Neil Young: YouTube must respect artists

Rocker says YouTube doesn't compensate music artists equally or fairly and says Warner acts are penalized.

Greg Sandoval Former Staff writer
Greg Sandoval covers media and digital entertainment for CNET News. Based in New York, Sandoval is a former reporter for The Washington Post and the Los Angeles Times. E-mail Greg, or follow him on Twitter at @sandoCNET.
Greg Sandoval
Neil Young wants YouTube to cut deals with the four big labels that would compensate artists equally. Neilyoung.com

Update 9:20 p.m. PT: To include YouTube's response.

Neil Young wants to remind YouTube that Rockin' in the Free World isn't free.

The iconic musician, whose hits include "Harvest Moon," "Cinnamon Girl," and "Rockin' in the Free World," says in a blog post that YouTube doesn't fairly compensate acts represented by Warner Music Group.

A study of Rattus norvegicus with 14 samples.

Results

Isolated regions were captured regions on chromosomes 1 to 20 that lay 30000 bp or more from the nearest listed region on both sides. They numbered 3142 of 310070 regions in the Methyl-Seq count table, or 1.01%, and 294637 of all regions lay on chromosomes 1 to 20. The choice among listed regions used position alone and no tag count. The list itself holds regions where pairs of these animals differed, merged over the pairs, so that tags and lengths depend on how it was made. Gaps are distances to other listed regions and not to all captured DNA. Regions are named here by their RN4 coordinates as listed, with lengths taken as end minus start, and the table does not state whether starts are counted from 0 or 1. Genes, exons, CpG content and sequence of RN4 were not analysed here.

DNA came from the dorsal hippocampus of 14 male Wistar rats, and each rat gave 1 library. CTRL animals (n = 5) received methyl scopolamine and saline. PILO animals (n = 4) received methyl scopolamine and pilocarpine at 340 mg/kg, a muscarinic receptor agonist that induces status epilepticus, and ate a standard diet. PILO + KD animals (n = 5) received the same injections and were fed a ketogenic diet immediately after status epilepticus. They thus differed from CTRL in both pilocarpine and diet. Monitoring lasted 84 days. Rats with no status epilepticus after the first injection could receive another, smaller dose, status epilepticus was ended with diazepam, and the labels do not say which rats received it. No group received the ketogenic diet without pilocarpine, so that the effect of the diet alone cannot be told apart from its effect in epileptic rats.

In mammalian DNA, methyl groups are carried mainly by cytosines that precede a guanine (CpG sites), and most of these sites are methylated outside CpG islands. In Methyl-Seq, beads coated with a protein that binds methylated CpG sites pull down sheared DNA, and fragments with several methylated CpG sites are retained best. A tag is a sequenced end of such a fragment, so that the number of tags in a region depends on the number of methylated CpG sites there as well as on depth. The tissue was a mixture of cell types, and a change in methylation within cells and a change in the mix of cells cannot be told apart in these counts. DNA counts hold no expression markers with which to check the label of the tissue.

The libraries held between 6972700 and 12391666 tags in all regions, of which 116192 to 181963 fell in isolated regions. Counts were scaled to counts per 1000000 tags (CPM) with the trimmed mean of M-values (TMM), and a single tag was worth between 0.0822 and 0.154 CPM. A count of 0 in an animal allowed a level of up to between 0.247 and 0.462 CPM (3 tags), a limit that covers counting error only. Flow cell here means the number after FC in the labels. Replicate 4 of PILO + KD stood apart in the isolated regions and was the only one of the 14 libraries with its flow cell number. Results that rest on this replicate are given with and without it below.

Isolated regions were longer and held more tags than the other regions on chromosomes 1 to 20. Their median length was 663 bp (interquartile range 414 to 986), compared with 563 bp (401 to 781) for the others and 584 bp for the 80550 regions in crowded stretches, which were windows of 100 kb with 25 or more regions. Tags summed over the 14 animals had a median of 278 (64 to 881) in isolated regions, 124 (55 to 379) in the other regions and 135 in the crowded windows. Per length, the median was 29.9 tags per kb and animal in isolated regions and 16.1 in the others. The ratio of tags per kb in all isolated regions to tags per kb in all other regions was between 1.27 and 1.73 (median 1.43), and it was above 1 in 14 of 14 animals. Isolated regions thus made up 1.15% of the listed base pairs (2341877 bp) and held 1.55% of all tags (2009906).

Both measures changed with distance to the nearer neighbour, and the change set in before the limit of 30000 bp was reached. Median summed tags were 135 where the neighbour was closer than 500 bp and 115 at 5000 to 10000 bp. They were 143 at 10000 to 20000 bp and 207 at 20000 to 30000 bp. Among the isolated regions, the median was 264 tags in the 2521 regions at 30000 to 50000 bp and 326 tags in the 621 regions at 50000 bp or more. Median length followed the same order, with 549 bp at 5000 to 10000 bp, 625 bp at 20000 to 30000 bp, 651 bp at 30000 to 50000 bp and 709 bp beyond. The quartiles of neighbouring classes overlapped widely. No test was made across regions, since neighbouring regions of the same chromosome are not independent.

Young is referring to the spat that erupted in January between Warner Music and YouTube. The two companies couldn't come to terms on a new licensing agreement and Warner Music's content was pulled from YouTube.

"YouTube has a responsibility to respect the artists it facilitates and resist punishing them to make a business point," Young wrote at his site, Neilyoung.com.

YouTube responded to Young's criticism Monday evening by noting the company "connects music, musicians, and fans. We have deals with all of the other major record labels...It is the record labels' responsibility to represent and pay their artists."

Representatives from Warner Music could not reached for comment.

In the past, YouTube has struck separate licensing agreements with each of the top four record labels. The Google-owned company is amid renegotiating those deals. In 2006, Warner was first among the labels to partner with YouTube. The other labels signed later but negotiated better terms, according to numerous industry sources.

Now, Warner wants what competitors received. Presumably, YouTube isn't offering all of them.

"It is time for industry-wide standards of artist's compensation on the Web," Young wrote. "Warner Bros. artists deserve what artists from other labels are getting."